Market commentary: Investors focused on Greek parliamentary vote

Markets are trading higher as we move closer towards the close of 2014. The positivity this morning is coming from both a rebound in the price of oil and a new regulation in China that will lead to savings held by lenders for non-deposit-taking financial institutions being counted as bank deposits without being subject to reserve requirements.

Oil advanced for the first time in three days amid speculation that an escalating conflict in Libya will help ease a global supply surplus that’s driven crude into a bear market. Oil has fallen 46% this year, set for the biggest annual drop since 2008, as OPEC resisted supply cuts to defend market share even as production in the US climbed to the highest level in three decades amid a shale boom. Libya pumped 580,000 barrels a day in November, down from about 1.59 million at the end of 2010.

Greece will dominate the headlines in stock markets today. Prime Minister Antonis Samaras faces a vote in parliament today that will decide whether the country goes to snap elections that could bring the leftwing Syriza party to power and derail an international bailout. In the most hotly contested vote for president since Greece joined the euro more than a decade ago, the result in the final round of voting is likely to be decided by a small handful of deputies. 

If lawmakers fail to elect a successor to 85-year-old Karolos Papoulias, a snap election will be held within weeks. Syriza, leading in the opinion polls, vowed again to renegotiate the joint European Union-IMF bailout bailout Greece needs to pay its bills and roll over its debt.

In Ukraine, lawmakers approved the 2015 state budget as the country seeks to unlock the next tranche of a $17 billion bailout loan from the International Monetary Fund. The budget was backed today by 233 lawmakers in the 450-seat Kiev-based legislature0 after debating tax-code changes and other issues.

In Russia, some traders are already betting on a reduction in the biggest interest-rate increase in 16 years. While there are plenty of obstacles to lowering rates with inflation at a 3.5-year high and the ruble set for the biggest drop since 1998, derivatives used to predict future borrowing costs signal cuts are in store in the first quarter. Central bank Governor Elvira Nabiullina unexpectedly raised the benchmark to 17% from 10.5% two weeks ago, putting the economy at risk of a deeper recession to prop up the ruble.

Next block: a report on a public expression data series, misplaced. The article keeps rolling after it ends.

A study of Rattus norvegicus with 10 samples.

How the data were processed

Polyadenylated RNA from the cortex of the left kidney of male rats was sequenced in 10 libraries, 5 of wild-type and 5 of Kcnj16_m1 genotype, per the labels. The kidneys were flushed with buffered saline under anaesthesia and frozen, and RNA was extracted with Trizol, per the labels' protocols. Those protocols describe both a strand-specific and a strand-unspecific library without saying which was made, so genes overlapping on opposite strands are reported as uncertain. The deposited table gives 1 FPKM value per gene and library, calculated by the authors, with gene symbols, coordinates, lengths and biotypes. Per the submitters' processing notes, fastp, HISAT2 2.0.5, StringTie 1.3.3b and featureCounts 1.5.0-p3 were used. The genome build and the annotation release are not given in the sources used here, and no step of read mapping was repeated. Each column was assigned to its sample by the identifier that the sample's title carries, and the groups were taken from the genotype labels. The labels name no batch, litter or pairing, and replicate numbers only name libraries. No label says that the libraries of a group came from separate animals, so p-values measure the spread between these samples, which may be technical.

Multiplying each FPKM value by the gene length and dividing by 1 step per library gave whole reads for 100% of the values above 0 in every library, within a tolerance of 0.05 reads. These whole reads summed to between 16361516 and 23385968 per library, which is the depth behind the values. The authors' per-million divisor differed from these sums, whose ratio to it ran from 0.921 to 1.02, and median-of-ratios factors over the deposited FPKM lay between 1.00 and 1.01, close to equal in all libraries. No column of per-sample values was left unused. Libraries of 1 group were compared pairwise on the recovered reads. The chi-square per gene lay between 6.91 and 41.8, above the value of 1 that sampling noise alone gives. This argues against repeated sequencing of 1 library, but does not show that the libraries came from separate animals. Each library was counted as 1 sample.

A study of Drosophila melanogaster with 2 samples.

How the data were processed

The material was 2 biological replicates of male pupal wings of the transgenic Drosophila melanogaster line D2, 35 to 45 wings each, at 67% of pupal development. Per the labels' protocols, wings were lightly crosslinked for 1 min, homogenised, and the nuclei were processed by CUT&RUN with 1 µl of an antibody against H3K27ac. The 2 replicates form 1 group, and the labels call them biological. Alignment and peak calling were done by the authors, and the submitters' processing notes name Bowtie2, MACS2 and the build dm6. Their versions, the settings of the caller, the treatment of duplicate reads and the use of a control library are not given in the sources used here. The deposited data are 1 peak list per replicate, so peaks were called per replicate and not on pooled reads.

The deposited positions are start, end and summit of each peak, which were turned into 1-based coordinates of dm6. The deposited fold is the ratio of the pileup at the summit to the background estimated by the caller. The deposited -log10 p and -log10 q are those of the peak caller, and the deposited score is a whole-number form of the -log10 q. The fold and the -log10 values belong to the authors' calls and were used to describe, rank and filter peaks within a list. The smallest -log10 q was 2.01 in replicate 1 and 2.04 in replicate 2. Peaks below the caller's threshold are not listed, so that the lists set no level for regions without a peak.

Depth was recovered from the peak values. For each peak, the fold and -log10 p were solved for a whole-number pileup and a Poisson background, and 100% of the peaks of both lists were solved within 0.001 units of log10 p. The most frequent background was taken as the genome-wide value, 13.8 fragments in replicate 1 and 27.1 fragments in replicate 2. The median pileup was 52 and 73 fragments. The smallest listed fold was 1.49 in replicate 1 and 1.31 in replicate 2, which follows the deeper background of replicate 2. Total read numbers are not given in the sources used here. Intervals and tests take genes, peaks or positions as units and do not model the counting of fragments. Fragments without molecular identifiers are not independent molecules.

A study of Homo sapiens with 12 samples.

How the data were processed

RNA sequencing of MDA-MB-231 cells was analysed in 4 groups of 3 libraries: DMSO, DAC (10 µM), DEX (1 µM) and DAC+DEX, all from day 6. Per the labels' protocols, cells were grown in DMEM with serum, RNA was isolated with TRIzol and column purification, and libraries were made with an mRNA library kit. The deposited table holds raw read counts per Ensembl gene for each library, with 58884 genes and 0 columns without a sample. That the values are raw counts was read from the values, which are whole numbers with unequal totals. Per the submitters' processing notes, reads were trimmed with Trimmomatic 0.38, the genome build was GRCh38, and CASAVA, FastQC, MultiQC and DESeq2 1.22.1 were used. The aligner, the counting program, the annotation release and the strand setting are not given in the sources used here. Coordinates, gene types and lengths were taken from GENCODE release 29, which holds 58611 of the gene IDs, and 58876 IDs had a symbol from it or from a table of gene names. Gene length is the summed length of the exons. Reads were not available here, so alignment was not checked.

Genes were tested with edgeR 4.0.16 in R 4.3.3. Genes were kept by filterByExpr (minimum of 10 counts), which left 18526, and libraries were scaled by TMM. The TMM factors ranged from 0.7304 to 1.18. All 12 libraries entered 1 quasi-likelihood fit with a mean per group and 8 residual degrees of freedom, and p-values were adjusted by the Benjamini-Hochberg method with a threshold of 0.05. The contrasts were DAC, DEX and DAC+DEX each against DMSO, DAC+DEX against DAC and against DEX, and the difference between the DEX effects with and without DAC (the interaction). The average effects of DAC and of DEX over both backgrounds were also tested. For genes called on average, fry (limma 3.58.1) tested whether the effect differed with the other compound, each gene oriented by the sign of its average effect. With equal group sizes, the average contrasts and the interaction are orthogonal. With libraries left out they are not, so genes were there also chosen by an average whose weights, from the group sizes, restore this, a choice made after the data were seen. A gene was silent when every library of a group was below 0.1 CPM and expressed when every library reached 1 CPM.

In corporate news, Visa and MasterCard, the world’s biggest payments networks, halted services to Crimea after the US escalated sanctions in response to Russia’s annexation of the peninsula and its activities in Ukraine. The card firms are responding to an executive order from the Obama administration last week, according to e-mails today from the companies’ Russian press offices.

“Visa is now prohibited from offering Visa-branded products and services to Crimea,” the company said. “This means that we can no longer support card-issuing and merchant/ATM acquiring services in Crimea.”

Allianz Global Corporate & Specialty UK is lead reinsurer for aviation hull, liability insurance, spokeswoman says by e-mail. AirAsia passenger jet vanished off the coast of Borneo more than a day ago with 162 people on board.

Audi will spend 24 billion euros to develop technology and expand production, boosting its five-year investment plan by 2 billion euros as it chases BMW for the top spot in luxury-car sales. About 16.8 billion euros, or 70% of the total, is earmarked for new models like the Q1 subcompact sport-utility vehicle, the Ingolstadt, Germany-based unit of Volkswagen AG said today in a statement. Audi expects to sell a record of more than 1.7 million autos this year.

This article was issued by Mr. Kristian Camenzuli, Investment Manager at Calamatta Cuschieri. For more information visit, www.cc.com.mt . The information, view and opinions provided in this article is being provided solely for educational and informational purposes and should not be construed as investment advice, advice concerning particular investments or investment decisions, or tax or legal advice. Calamatta Cuschieri & Co. Ltd has not verified and consequently neither warrants the accuracy nor the veracity of any information, views or opinions appearing on this website.